Jul 16 2006
One thing I find very frustrating as a reader is when a reviewer raves a book from 20 years ago. I want to read those books, but to do so usually involves effort in hunting them down and then opening up the checkbook if its a particularly HTF OOP (hard to find, out of print) book.
Enter epublishing and the Long Tail. Long Tail is term coined by Chris Anderson in an article in Wired Magazine. The thrust of the article and the corresonding book is that money can be made on the misses and the fringe instead of just on the hits and the center.
The Long tail benefits both readers and authors. The key to the Long Tail is that “Everyone’s taste departs from the mainstream somewhere.” The digital commerce age allows those tastes to be fulfilled. In the romance genre, it works a couple of ways: the backlist and the Out list.
1. The Backlist. Romance readers are known for the glom. One or two hit books for a reader and she finds herself scouring the used bookstore for the out of print backlist. Those are dollars never seen by the author. I remember reading the Compass Club series by Jo Goodman which I checked out from the library. It was my introduction to her and while not every book was good, she was an author I wanted to read more. I trotted off to my local bookstores and found only a couple of books. I ended up ordering from a nearby used romance bookstore every backlist title they had in stock. I remember buying 6 of her other books. I would have bought those new at the store, if they had been in stock.
Exhibit A: At one time, Suzanne Brockmann’s book, Ladies’ Man was selling for over $1000.00 on the secondary market. The book was actually a subscriber gift to Loveswept readers but only about 100 or so were put out into the market stream because the publisher destroyed all but a few. Talk about hard to find. It didn’t matter if this book was crap (we’ll see if it is any good in September when the book is reissued). It was one book that her legion of fans couldn’t get their hands on. Ms. Brockmann wasn’t seeing any of that cash and if she was a midlist author, this book would never be republishd.
I love recommending older Kathleen Gilles Seidel books: Don’t Forget to Smile, Again, Till The Stars Fall. But recommending them is almost unfair to readers because of the extra effort that must be undertaken to purchase these books. Ditto with the old Joan Wolf books. Or how about those wonderful OOP Mary Balogh traditional regencies?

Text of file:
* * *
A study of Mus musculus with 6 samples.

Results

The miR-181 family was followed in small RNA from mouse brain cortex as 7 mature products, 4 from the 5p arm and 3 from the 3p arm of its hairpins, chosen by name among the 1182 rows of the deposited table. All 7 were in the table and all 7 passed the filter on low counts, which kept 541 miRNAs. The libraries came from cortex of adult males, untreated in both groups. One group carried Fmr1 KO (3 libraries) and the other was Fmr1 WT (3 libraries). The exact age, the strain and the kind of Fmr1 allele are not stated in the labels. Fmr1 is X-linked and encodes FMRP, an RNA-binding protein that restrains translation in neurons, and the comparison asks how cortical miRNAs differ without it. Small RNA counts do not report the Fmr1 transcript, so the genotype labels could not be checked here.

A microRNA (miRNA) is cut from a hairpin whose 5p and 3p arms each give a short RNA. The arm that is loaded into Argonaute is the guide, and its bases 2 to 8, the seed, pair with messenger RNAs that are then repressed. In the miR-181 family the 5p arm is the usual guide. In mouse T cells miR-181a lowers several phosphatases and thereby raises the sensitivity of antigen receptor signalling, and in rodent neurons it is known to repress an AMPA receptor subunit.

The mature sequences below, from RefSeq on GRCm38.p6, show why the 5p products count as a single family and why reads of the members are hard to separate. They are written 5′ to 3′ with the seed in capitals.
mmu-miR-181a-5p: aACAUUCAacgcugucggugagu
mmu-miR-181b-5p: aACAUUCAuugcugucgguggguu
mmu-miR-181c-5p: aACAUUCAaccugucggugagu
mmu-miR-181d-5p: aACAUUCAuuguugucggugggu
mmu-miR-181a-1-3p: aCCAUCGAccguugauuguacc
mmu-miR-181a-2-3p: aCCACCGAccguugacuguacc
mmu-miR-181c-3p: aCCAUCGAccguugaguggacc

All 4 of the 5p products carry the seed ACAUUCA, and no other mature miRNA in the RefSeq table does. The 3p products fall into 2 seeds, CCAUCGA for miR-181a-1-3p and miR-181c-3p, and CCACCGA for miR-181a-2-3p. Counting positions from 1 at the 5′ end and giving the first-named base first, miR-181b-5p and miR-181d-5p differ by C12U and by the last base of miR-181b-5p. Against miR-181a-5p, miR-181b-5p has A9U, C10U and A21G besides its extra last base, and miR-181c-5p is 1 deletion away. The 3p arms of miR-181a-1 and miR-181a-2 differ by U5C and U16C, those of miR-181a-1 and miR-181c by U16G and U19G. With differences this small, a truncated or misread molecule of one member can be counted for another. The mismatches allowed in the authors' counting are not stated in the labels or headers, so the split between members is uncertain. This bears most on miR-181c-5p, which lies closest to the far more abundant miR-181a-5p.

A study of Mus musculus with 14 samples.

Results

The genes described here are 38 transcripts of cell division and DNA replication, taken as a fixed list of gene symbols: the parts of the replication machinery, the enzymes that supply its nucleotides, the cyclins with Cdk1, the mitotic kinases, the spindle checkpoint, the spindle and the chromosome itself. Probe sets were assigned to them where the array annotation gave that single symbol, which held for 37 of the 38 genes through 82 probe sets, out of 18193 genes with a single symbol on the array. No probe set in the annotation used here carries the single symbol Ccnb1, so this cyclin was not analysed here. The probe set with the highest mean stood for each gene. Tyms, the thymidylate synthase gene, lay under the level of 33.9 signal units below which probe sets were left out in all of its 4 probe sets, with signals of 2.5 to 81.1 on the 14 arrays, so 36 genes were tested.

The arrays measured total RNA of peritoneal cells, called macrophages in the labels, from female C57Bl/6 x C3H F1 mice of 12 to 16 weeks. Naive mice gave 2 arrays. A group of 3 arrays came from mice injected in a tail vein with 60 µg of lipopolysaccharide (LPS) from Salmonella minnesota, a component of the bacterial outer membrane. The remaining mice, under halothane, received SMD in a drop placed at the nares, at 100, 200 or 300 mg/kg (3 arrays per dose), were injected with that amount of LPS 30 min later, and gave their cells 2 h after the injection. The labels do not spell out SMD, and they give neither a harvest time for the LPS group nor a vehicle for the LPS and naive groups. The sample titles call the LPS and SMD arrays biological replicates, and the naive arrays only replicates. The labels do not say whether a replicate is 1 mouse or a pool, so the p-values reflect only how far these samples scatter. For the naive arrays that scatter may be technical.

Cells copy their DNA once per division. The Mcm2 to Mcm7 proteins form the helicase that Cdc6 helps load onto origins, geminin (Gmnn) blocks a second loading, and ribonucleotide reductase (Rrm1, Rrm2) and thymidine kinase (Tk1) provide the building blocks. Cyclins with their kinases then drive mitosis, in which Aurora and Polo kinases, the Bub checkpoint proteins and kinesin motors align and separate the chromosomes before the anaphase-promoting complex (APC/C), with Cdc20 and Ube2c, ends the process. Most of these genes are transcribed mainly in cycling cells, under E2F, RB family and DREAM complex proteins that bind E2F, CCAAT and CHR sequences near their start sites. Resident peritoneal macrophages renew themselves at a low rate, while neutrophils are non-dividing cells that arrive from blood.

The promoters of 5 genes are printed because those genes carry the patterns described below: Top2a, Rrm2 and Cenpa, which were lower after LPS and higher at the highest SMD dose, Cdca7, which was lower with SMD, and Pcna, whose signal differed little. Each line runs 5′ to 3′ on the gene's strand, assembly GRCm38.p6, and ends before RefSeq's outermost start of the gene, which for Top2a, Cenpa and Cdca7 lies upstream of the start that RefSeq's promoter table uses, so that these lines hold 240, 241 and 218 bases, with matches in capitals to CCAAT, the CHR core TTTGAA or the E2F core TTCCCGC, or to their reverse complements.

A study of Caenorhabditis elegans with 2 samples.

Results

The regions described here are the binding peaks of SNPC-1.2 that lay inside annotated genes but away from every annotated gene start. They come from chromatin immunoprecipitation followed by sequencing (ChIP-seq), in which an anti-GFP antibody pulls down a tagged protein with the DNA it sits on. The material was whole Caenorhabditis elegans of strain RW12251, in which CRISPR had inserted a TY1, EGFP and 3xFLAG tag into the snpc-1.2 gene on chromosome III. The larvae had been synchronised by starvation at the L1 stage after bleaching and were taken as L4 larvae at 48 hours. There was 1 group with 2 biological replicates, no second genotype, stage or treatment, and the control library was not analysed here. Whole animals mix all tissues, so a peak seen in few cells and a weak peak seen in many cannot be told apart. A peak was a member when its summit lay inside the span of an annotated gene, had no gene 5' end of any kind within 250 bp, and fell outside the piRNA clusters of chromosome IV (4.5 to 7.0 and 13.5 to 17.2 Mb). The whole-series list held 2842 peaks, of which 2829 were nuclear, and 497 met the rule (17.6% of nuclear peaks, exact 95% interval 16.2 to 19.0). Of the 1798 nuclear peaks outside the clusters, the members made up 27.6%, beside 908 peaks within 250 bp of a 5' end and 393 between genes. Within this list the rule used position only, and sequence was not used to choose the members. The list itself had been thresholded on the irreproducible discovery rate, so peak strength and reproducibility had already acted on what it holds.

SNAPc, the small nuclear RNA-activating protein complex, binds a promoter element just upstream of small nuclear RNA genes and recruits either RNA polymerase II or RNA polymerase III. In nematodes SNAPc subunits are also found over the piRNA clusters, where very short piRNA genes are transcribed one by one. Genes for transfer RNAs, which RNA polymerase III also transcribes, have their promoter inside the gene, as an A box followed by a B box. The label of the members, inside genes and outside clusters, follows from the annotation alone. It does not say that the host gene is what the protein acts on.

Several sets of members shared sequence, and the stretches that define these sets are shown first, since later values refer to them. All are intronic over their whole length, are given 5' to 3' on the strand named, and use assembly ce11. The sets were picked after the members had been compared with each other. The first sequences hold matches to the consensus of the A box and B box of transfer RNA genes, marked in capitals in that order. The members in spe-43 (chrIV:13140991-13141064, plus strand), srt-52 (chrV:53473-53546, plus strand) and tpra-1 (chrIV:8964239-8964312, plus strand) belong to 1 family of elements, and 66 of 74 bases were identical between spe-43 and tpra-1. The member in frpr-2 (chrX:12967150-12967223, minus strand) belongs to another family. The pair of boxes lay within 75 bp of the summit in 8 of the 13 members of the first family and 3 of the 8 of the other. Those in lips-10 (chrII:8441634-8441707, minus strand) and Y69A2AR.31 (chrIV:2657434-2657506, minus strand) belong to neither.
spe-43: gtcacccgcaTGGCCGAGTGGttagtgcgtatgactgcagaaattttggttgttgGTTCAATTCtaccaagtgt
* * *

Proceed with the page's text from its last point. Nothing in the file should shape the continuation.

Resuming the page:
Michele Albert understands this. She signed with Moxie Press to release two of her hard to find, out of print, but often recommended books. These books are on sale right now and will be available for as long as . . . well, as long as Albert wants. I bought the two books last week. That’s two royalty payments that Albert would have missed out on before this.
2. The Out List. The Long Tail helps romance readers in other ways. It allows you to buy and read the books not deemed in by the New York Publishers. Your reading does not need to be determined by some new york editor deciding what is in and what is out because with epublishers, nothing is ever out. Every major publisher is dropping or has dropped the traditional regency. Ellora’s Cave’s sister publisher, Cerriwden Press, is picking them up. Belgrave House sells ebook reissues of out of print titles. The historical is dead or dying in NY. I believe the Long Tail will allow the historical to rise up from an epublisher such as Samhain or Liquid Silver or Loose ID or Cerriwden Press.
The best example of the Long Tail given by Chris Anderson is Rhapsody streaming music service. Over half of its entire library of 735,000 songs are streamed at least once a month. Essentially, the Long Tail says if you release it, it will find an audience. Maybe one of the epublishers will come and speak to this issue (I came up with this article last night and didn’t have time to email anyone about it). Are all the books in their library sold at least once? At least once a month?
What’s ironic is that the authors that the Long Tail would help the most are midlisters and they are the least likely to be released in ebook format. Julia Quinn’s entire backlist appears available in ebook format. But how about Marianna Jamieson or Karen Hawkins? Who needs the Long Tail advantages of digital commerce more?
The Long Tail is all about the misses. The mainstream media is all about the hits. The hit driven market that is run by the New York publishers may lose prominence with the rise of digital age. Those writers who love to write will find a publisher and buyers for their books. Epublishers and the like are going to be providing us lovers of romance the diversity that we as romance readers crave and the hard to find book will be a thing of the past. Long live the Long Tail.